I am no fan of willpower. It isn’t because I don’t have any. It’s because willpower is unreliable. One minute it’s there. Then blammo, it’s gone. Maybe it gets you through a chocolate craving several nights in a row. But then what happens? If you’re like many, you’ve been wooed you into a false sense of confidence. You let your guard down and before you know it, you’ve eaten a couple handfuls of cookies or several chocolate candies.
Better than willpower are strategies. Willpower fades – especially when you’re in a hurry, feel tired or have a million other things on your mind – but strategies and skills are yours forever. I’ve been saying this for at least two decades. Why I didn’t come up with the term “skill power,” I don’t know. I love that term, but it belongs to Dr. David Katz. He uses it well in his blog posts and in his excellent book Disease Proof.
To lose weight, manage blood sugar, trim down cholesterol levels or whatever your health goals, you need skills. Just like you cannot will yourself into being a calculus whiz, an expert driver or a rodeo star, you cannot will yourself into being healthy or into routinely choosing a balanced diet. Instead you need skills and strategies for the kitchen, the supermarket, parties and more.
Set yourself up for success by planning ahead, using strategies and eventually developing skills. Never say, “I’m going to do this because I set my mind to it.” Here are several strategies for your home.
Keep it out of sight. I am a lover of all things dark chocolate. Instead of keeping chocolate chips and chocolate candy in my pantry where I would see them multiple times a day, I store them in that hard-to-reach cabinet above my refrigerator. The chocolate is out of sight and even out of reach, unless I pull up a chair. I also plan to eat chocolate every night. This is truly one of my favorite strategies, and it helps me eat well all day. I look forward to my chocolate, so I pass on other food. Then I savor the heck out of it. After my small treat, I brush my teeth (another strategy), and I’m done eating for the night.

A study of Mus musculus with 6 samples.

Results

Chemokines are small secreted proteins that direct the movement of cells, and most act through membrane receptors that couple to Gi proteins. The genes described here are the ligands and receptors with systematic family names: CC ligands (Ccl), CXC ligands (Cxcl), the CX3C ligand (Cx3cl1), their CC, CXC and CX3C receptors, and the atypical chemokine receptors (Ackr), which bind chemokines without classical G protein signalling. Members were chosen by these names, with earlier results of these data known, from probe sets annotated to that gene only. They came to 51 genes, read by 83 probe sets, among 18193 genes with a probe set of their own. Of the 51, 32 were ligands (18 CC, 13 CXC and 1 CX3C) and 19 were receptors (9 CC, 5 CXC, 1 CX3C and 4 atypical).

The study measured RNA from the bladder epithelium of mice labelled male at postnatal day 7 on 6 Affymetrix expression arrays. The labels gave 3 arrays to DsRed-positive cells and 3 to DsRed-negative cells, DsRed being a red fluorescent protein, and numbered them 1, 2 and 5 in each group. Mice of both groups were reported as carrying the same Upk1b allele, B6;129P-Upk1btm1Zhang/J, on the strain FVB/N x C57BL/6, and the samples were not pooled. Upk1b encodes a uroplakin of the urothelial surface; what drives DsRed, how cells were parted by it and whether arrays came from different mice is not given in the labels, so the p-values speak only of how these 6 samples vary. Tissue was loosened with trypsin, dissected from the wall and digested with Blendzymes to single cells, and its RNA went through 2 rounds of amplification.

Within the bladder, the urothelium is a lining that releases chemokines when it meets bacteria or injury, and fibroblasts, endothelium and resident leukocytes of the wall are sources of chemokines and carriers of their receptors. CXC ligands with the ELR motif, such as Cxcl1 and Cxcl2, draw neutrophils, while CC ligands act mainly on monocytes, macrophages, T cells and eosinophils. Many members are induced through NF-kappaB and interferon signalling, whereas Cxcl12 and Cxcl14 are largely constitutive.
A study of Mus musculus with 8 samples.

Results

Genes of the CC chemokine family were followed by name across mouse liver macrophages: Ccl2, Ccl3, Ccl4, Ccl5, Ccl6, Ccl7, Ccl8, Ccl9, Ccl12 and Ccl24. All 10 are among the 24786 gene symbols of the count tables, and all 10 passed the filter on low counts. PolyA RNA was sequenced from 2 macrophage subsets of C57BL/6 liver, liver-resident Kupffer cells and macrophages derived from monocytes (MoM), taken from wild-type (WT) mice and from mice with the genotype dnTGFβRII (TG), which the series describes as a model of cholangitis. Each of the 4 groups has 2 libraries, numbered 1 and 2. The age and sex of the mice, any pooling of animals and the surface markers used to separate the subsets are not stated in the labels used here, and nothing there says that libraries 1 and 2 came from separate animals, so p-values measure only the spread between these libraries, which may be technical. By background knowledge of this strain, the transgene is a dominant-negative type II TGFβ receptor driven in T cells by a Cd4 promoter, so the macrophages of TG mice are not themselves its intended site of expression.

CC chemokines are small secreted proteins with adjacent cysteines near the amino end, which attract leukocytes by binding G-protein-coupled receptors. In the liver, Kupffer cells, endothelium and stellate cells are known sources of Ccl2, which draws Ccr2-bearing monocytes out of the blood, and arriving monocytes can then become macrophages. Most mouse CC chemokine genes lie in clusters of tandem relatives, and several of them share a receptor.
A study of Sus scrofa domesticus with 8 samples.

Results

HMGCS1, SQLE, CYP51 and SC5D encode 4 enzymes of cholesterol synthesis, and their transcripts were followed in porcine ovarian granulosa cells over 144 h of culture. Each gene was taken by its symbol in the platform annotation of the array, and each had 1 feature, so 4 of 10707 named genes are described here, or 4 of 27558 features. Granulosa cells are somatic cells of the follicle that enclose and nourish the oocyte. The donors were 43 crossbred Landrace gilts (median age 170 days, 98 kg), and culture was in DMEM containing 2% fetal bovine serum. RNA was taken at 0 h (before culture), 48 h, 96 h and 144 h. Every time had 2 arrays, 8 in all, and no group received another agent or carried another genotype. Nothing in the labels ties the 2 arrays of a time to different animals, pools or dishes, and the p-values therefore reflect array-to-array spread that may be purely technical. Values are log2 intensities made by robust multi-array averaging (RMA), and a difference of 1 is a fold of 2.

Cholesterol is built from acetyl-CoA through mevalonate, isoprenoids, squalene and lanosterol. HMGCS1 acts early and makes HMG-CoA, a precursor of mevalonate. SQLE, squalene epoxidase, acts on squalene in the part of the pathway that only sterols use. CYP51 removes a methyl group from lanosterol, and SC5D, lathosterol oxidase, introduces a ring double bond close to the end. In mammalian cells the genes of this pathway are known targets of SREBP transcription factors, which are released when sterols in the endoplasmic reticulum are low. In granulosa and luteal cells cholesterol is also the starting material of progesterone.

A few other strategies:
- Store tempting foods in opaque containers.
- Keep your trigger foods out of the home. Enjoy them when you go out.
- Delegate the frosting of cakes or the cutting of brownies, if they bring out your demons. And for me, they do. Fortunately, others in my family happily take on these tasks.
- Keep healthful foods, like a bowl of fresh fruit, in sight and in reach.
- Pre-portion tempting foods. When you first open a box of crackers or bag of chips or put away freshly baked desserts, pack them in single servings. Put two cookies or a dozen chips into separate baggies. Store all of the baggies in the original package or a larger storage container. My clients have so much success with this one simple strategy!
- Be selective with your dishes. Pick out a small bowl that’s just the right size for cereal and another for ice cream and so on. If you always eat these foods from the same dishes, you will always eat the same portion. Search online for portion control dishes. There are lots of pretty options.
- Pull out your measuring cups and spoons. If you don’t know how large your portion is, measure first, eat second.
Give up the notion that you need more willpower. Instead of working harder, work smarter. Please share your strategies to make the better choice, the easier one.